Is Aaron Hicks Improving?
By Brad Swanson
May 13, 2013; Minneapolis, MN, USA; Minnesota Twins center fielderAaron Hicks
(32) raises his helmet to the fans after hitting his second home run of the day in the sixth inning against the Chicago White Sox at Target Field. Mandatory Credit: Jesse Johnson-USA TODAY Sports
Note: This was written prior to Tuesday’s game, when Aaron Hicks went 0-5 with 3 K’s and just generally tried to make this article look stupid/foolish. However, I still stand by my opinion on the subject, but the stats are slightly off as a result. My apologies, I was at a talent show last night. Aaron Hicks did not perform. ~Brad
On May 13, 2013, Aaron Hicks had his breakout game. He slugged two home runs and robbed another home run from Adam Dunn. It seemed like this was the date when Hicks would start to turn the corner and become the hitter that many think he will become. Prior to and including that game, you could make a serious argument that Hicks was turning things around. He had gone 8 for 38 in 9 May games, for an average of .210. While that number is hardly impressive, it is certainly better than the roughly .100 average he had produced to that point.
Since that game, Hicks is only 2 for 21 and has just one walk. He is basically back to hitting around .100 and many are starting to call for changes. Perhaps Hicks needs some time at AAA. Perhaps he needs a few days off. I can see these as rational considerations, and I might even act on them at this point. I always felt that Hicks should be given two months at minimum, and then be evaluated on his overall performance. We’ve reached nearly two months and if Hicks is sent down in the next few days, it will be a disappointing, but understandable decision.
If you’ll indulge me, I’d like to break Hicks’s season into four quadrants:
- Quadrant 1 – Tons of strikeouts, no contact
- Quadrant 2 – Fewer strikeouts, still no contact, increased walks
- Quadrant 3 – More contact, more power, more strikeouts, fewer walks
- Quadrant 4 – Even more contact, no power, few strikeouts, few walks, sparse hits
This is a rather informal exercise, but it does show that Hicks has not put all of his tools together at any point this season (save for that amazing game on May 13). When Hicks was drawing a lot of walks, he wasn’t making any contact. When he started making contact, his strikeouts ticked up and his walks ticked down. When he took care of the strikeouts, he started making more contact, but most of the contact resulted in outs. This is where Hicks is right now. He’s making contact, but nearly all of the contact results in an out.
Isn’t that an improvement though? The biggest issue I had with Hicks early in the season was the strikeout totals. He struck out 26 times in April, but only 11 times so far in May. That is an improvement from a 31.3% strikeout rate in April to 18.6% in May. League average has been 19.4% this season. Hicks has always had high strikeout totals, so this performance should not be extremely surprising. In fact, if Hicks can keep his rate around league average for the rest of the season, I would consider that a huge step forward in his development.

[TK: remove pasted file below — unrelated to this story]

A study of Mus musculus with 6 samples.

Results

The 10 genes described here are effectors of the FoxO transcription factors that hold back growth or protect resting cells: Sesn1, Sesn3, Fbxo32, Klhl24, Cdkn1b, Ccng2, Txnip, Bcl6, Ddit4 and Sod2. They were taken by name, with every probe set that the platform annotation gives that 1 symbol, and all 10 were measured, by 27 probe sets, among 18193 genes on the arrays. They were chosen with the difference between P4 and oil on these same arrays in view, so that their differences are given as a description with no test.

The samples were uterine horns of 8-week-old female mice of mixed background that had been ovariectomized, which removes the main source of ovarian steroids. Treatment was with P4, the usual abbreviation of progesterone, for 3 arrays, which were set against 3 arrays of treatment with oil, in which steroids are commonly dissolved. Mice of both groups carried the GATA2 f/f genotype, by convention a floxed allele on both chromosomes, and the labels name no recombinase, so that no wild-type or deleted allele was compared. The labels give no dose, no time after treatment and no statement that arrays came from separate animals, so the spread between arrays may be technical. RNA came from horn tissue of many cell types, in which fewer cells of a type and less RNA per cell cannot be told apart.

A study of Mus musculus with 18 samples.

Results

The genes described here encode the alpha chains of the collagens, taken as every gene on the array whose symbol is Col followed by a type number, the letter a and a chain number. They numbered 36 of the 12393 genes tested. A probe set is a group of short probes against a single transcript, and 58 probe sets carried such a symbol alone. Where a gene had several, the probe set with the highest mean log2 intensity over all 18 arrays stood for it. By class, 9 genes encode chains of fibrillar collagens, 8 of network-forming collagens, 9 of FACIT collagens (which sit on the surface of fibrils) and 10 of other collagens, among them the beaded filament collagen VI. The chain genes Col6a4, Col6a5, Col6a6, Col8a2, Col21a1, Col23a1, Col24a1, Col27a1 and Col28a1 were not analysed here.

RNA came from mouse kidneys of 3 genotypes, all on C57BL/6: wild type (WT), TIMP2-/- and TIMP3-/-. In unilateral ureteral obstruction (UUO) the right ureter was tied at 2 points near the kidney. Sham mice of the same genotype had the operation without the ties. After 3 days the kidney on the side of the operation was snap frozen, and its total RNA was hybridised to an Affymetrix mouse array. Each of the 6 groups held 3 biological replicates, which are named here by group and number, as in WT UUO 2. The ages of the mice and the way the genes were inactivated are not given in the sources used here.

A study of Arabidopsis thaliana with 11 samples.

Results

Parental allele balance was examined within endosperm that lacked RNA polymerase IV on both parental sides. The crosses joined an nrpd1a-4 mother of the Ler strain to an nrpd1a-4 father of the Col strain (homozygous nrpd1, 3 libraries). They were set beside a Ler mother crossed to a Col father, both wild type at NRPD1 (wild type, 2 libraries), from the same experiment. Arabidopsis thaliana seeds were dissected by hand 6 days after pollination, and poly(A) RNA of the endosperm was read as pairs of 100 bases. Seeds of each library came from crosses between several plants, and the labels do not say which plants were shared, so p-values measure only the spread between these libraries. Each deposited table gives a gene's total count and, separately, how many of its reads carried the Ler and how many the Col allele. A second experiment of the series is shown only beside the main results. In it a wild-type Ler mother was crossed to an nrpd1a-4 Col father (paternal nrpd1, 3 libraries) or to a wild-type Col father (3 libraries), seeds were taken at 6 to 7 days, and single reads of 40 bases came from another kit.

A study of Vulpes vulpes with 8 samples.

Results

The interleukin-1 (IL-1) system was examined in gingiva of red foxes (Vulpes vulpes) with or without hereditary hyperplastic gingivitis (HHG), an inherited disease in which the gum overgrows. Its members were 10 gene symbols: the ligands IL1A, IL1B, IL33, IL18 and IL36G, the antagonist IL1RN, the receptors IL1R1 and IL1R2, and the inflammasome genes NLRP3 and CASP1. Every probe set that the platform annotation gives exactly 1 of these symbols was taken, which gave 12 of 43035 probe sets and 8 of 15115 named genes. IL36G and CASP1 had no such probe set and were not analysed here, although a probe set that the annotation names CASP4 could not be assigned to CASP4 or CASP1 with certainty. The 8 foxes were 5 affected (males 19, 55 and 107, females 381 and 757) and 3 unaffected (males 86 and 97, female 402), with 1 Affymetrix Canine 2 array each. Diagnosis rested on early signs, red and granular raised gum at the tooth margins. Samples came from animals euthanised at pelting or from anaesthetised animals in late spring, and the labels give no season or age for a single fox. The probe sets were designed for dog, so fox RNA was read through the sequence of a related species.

To be fair, Hicks’s walk rate has decreased in May. He posted a 13.3% walk rate in April, but is only at 8.5% in May. However, both months are above the league average of 8.3%. Basically, Hicks has been at about league average in both walk and strikeout rate this month. These numbers are extremely important to remember, as Hicks is a 23-year-old rookie, with no experience above AA prior to this season.
Contact has been Hicks’s biggest issue. Early on, he wasn’t making contact. Now, he is making contact, but all his contact results in outs. I am encouraged by the increased contact. His batting average on balls in play is .174, where league average is .296. Part of the reason why Hicks has such a low BABIP does stem from the type of contact he is making. In April, he had a line drive rate of 11.1% In May, it’s up to 16.7%. League average is 20.4%, so Hicks has some room to improve. However, the increase in his line drive rate is another encouraging factor.
Hicks has improved in May by just about any offensive statistic you can use. While his improvement might not be monumental (and aided a bit by one crazy, breakout game), it is hard not to be encouraged by his improvement the last few weeks. For some, he has not improved enough and needs to be sent to AAA for more seasoning. If that happens, I’d understand the decision. I don’t know that I would agree with it though. The reality is that Hicks needs to learn how to hit MLB pitching, and going to AAA will not really help him do that.
Personally, I’d stick with Hicks for a few more weeks. I know that fans are frustrated, but sending a player to the Minors as a punishment for poor performance does nothing for me. If there was a young, promising player at AAA (say, Joe Benson) who was ready to come up and give the Twins an idea of who they are as a player, then I’d support a demotion for Hicks. Since the two options seem to be Clete Thomas and Antoan Richardson, I’d flat out prefer to watch Aaron Hicks struggle and continue to adjust.
I can’t help how I feel, but how do you feel? Do you think Aaron Hicks needs time at AAA? Who would you play in center in his place? Please respond in the comments below.